Our Crossbow Deer Hunting Tips

The crossbow hunting has seen a rise in popularity – more and more states are legalizing these weapons for the deer hunting, thus providing people who never hunted before to finally give it a try.

But the important thing here is the fact that the crossbows are both sensitive and powerful pieces of hunting gear, which means that it can take years to master them.

But don’t be scared – if you’re a complete beginner, we’re here to help you out. Read our eight crossbow hunting tips for deer and make your first steps into the world of crossbow hunting a bit easier!

1. The Proper Stand Placement

The tree stand placement is something that’s always of essential importance, but even more so when you’re hunting with a crossbow. Due to their weight, length, and width, these weapons limit the person’s ability to move them left and right, and that’s something that can easily blow a shot opportunity.

Once you find a proper stand for your crossbow, be sure to make some adjustments if it doesn’t offer optimum shooting options. Clear the shooting lanes and remove everything that could provide some cover to the deer.

2. Using Both Hands

Due to the fact that the human body can only move so far, the side-to-side movement while you’re holding the crossbow on the tree stand can be pretty limited. The right-hand shooters can move very little to the right and the left-handed shooters very little to the left.

Luckily, most models of crossbows are ambidextrous, allowing one to learn to shoot it with either of his hands. Of course, this will take a lot of practice, but it’s guaranteed to increase your shot opportunities.

3. Cocking It on The Ground

When it comes to manually cocking the crossbow, the safest place to do it is on the ground – period. These types of weapons can be cocked either at home or at your car before you head to the stand, but you should never cock it while it’s on the stand.

An accidental slip while applying pressure is guaranteed to knock you off balance, which isn’t exactly a good thing to happen if you’re alone in the woods. Always cock the crossbow on the ground!

4. Making The First Shot Count

As you already know, the best way to remove the need for cocking the weapon while it’s on the tree stand is by getting the target with the very first shot. To achieve this, take care of the following things:

  • Range the potential target areas once you get to the spot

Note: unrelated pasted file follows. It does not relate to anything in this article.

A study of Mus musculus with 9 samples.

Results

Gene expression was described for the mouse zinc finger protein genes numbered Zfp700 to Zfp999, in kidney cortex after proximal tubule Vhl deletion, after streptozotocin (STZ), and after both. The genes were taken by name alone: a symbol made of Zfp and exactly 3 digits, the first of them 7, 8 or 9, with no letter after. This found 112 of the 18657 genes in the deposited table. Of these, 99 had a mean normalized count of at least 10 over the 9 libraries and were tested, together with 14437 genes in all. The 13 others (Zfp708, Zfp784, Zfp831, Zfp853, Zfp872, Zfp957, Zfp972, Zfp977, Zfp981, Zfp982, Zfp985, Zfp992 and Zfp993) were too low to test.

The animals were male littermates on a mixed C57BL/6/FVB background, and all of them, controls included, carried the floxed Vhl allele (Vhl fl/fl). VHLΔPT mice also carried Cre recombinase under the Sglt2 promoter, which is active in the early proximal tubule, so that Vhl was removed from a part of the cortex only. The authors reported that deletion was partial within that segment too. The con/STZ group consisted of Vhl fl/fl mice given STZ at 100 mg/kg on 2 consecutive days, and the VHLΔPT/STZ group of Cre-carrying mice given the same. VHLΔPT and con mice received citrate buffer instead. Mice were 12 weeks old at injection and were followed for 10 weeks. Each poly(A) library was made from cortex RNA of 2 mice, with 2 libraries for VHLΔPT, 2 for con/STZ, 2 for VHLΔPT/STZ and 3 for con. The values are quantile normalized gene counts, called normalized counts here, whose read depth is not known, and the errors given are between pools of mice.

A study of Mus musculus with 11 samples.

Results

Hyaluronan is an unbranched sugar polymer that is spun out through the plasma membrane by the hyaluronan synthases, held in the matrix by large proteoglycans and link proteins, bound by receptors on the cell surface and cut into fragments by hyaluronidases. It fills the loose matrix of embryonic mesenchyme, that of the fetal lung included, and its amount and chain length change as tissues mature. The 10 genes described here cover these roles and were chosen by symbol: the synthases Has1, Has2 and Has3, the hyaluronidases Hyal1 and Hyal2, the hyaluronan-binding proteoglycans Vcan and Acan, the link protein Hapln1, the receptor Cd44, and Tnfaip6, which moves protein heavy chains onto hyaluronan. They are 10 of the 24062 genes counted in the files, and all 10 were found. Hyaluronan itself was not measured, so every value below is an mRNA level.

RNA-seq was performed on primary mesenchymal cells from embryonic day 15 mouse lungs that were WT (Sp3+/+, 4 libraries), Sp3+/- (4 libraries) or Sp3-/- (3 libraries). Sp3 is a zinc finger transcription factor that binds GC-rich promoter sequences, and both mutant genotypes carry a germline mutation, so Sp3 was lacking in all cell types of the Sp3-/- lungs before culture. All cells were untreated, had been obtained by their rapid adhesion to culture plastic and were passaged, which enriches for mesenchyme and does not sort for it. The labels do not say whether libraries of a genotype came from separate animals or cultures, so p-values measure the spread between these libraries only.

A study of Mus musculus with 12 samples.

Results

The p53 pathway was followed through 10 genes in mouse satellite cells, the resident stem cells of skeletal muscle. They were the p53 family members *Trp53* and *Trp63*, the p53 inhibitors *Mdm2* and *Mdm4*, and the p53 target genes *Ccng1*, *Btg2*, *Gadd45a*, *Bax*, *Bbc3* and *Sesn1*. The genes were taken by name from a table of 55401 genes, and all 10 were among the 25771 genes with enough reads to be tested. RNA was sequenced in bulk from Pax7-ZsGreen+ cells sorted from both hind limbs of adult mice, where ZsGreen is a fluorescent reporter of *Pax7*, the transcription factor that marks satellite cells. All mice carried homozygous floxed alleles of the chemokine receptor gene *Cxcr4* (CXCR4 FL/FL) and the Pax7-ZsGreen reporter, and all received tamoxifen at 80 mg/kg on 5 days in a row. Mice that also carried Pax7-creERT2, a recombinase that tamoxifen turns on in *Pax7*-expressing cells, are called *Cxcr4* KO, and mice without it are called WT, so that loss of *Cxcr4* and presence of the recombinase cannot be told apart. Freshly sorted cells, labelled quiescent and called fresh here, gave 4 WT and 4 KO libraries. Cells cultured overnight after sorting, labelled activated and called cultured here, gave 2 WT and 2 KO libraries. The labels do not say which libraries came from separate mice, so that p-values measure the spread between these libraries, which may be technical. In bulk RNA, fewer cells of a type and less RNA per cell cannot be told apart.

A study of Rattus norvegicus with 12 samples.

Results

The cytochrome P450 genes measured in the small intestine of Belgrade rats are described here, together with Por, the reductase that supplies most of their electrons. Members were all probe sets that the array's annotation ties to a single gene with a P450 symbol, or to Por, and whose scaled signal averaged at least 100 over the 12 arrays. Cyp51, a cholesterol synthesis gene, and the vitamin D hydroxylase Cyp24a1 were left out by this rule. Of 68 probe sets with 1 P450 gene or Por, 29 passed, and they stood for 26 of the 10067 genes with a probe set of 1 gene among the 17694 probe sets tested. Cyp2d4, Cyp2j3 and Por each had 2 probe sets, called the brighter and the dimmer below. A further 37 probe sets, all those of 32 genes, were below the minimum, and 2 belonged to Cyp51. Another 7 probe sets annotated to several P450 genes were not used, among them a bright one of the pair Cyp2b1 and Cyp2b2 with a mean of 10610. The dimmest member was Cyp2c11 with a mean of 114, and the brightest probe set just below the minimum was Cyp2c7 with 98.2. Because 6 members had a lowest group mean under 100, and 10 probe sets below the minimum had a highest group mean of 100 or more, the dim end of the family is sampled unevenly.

• Always be patient for the best possible shot opportunity
  • Aim for the vitals
  • Keep the shots within the standard bow range (under 35 yards)

If you miss the target, just relax, calm down, and re-cock the weapon on the ground.

Deer Hunting

5. Using a Draw Line

To get the crossbow to an elevated stand in a safe and secure way, you’ll have to use a drawing line. Lifting the weapon by the stock is the safest option, for several different reasons.

First of all, doing so will keep the broadheads and arrows pointed toward the ground, whether your quiver is parallel with the limbs or with the stock. In this way, the chance of a bolt displacing from the quiver is significantly reduced.

Once the bow reaches you, simply grab it by the stock, keeping the loaded broadheads pointed to the other side. Lowering the bow should be done in the entirely same way – it’s essential to keep everything pointed away from you.

6. Getting a Good Rest

Even though the newest models of crossbows are significantly lighter than the old ones, they can still become quite heavy and cumbersome after some time in a stand. And because of that, the best stands will come with shooting/safety rails – not only will they assist you in stabilizing the shot, but will also give you a place to rest your weapon.

If you don’t have a safety rail, the closest thing would be a monopod or a shooting stick, like those used by the rifle hunters. The bow hangers, for example, can be screwed into a tree and come with swivel arms that allow the user to keep his crossbow within easy reach. Some even have things like accessory hooks and other similar necessities.

7. The Scent Control

As you can already guess, the scent can easily ruin your chances of sighting deer. You should never underestimate the deer’s powerful sense of smell – it’s at least a thousand times better than yours is. And the worst thing here is that this exceptional sense of smell can be improved by some weather conditions, such as the wind or the high humidity.

The first thing is to avoid being somewhere where the wind will blow over you and to the same direction you’re expecting the deer to come from. Don’t send your smell to the bedding or feeding area while you’re getting to your stand, as that will alert the animals about your presence. Don’t expect the deer to go towards where the wind is blowing – it’s one of the ways they protect themselves from the predators.

Masking your own scent is also a good idea – don’t wear clothes that have the odor of perfume or soap. Experienced crossbow hunters tend to use the deer urine as their cover scent, as it attracts the deer and doesn’t require you to spend money on it.

8. Maintaining The Bow

To keep the crossbow in a tip-top position, whether you’re using it on the ground or up the tree, you will have to properly take care of it. The important thing here is to carefully read the user manual and find out how to correctly maintain the model’s cables, strings, cams, safety mechanisms, and the trigger.


With almost everything in the animal’s favor, these tips should help you even the odds and successfully make a kill when an opportunity presents itself. We hope we’ve been helpful, and wish you good luck with the hunting!